A Lot or a Little?
What you will—and won't—find in this book.
Children are taught that the title "princess" applies to all kinds of girls doing all kinds of things, with different kinds of traditional black hairstyles, such as two-strand twists, braids, and Bantu knots.
Self-acceptance and appreciation of others' differences are at the heart of this story, with a focus on different types of hair in traditional black hairstyles. While the focus is on exposure, acceptance, and appreciation of black girls and their hair type, Princess Hair also shows confident, proactive princesses in a positive light.
Positive Role Models
Typical princess romance-centered behavior and European-centered beauty ideals are traded for energetic, self-possessed activities and diverse, inclusive celebration of a variety of skin shades, hairstyles, and hair textures. The girls featured are comfortable with and love who they are.
Parents Need to Know
Parents need to know that Princess Hair celebrates self-love and awareness while focusing on the variety of hairstyles and texture of black hair, inspiring positive self-esteem in girls across different cultural norms. Parents should be prepared to talk about self-esteem and appreciation of people's differences and similarities.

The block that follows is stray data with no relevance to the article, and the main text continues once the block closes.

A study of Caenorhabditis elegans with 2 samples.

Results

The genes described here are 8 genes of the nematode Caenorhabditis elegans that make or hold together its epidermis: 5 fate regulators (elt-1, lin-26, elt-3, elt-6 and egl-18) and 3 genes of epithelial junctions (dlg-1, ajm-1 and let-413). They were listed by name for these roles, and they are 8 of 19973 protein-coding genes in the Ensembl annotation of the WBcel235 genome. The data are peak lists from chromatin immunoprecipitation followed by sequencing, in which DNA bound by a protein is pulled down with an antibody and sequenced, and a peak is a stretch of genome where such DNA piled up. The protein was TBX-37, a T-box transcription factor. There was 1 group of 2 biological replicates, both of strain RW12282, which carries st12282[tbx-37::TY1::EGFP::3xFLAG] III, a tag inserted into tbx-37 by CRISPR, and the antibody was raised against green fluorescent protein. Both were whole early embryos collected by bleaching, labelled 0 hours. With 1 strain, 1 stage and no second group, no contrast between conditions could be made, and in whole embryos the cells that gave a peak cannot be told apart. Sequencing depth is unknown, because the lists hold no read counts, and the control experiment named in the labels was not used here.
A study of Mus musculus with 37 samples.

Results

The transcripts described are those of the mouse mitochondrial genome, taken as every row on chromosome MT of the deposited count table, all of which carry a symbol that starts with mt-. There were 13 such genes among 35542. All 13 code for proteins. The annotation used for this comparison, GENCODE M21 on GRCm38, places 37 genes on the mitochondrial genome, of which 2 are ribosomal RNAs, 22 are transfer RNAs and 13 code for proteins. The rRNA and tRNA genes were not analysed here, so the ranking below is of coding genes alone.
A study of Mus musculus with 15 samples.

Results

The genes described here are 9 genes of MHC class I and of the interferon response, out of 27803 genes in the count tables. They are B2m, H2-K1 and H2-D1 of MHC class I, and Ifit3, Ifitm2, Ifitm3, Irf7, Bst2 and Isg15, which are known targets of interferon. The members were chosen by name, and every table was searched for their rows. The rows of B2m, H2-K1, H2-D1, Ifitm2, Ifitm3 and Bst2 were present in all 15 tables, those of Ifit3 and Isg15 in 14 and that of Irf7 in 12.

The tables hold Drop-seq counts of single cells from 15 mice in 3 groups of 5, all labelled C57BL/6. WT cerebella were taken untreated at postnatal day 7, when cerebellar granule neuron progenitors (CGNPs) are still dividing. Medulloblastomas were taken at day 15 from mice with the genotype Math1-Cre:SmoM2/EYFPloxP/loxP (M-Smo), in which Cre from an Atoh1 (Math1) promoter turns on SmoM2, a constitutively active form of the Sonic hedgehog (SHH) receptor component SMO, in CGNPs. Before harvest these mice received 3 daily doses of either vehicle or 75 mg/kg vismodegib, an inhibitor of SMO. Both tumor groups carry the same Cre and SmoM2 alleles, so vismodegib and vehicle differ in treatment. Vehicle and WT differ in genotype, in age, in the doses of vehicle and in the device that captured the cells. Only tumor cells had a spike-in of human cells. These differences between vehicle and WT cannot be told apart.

Is It Any Good?
This joyful, energetic, jubilant, fun book is inclusive in its messaging and presentation. By exploring some of the many, many hairstyles and textures found among black and multiethnic children, kids who love princesses learn to broaden their view beyond the typical European-centered beauty ideals offered by most media. Princess Hair is both self-celebratory and myth busting, and not just regarding appearances. The princesses featured have a variety of interests that are not boy- or romance-centered. The girls in the book are cooperative rather than competitive with one another, and the illustrations capture the vibrancy and energy of young children. Kids of all races will enjoy Princess Hair simply because it's fun. And children of color will love seeing themselves represented.
Did we miss something on diversity?
Research shows a connection between kids' healthy self-esteem and positive portrayals in media. That's why we've added a new "Diverse Representations" section to our reviews that will be rolling out on an ongoing basis. You can help us help kids by suggesting a diversity update.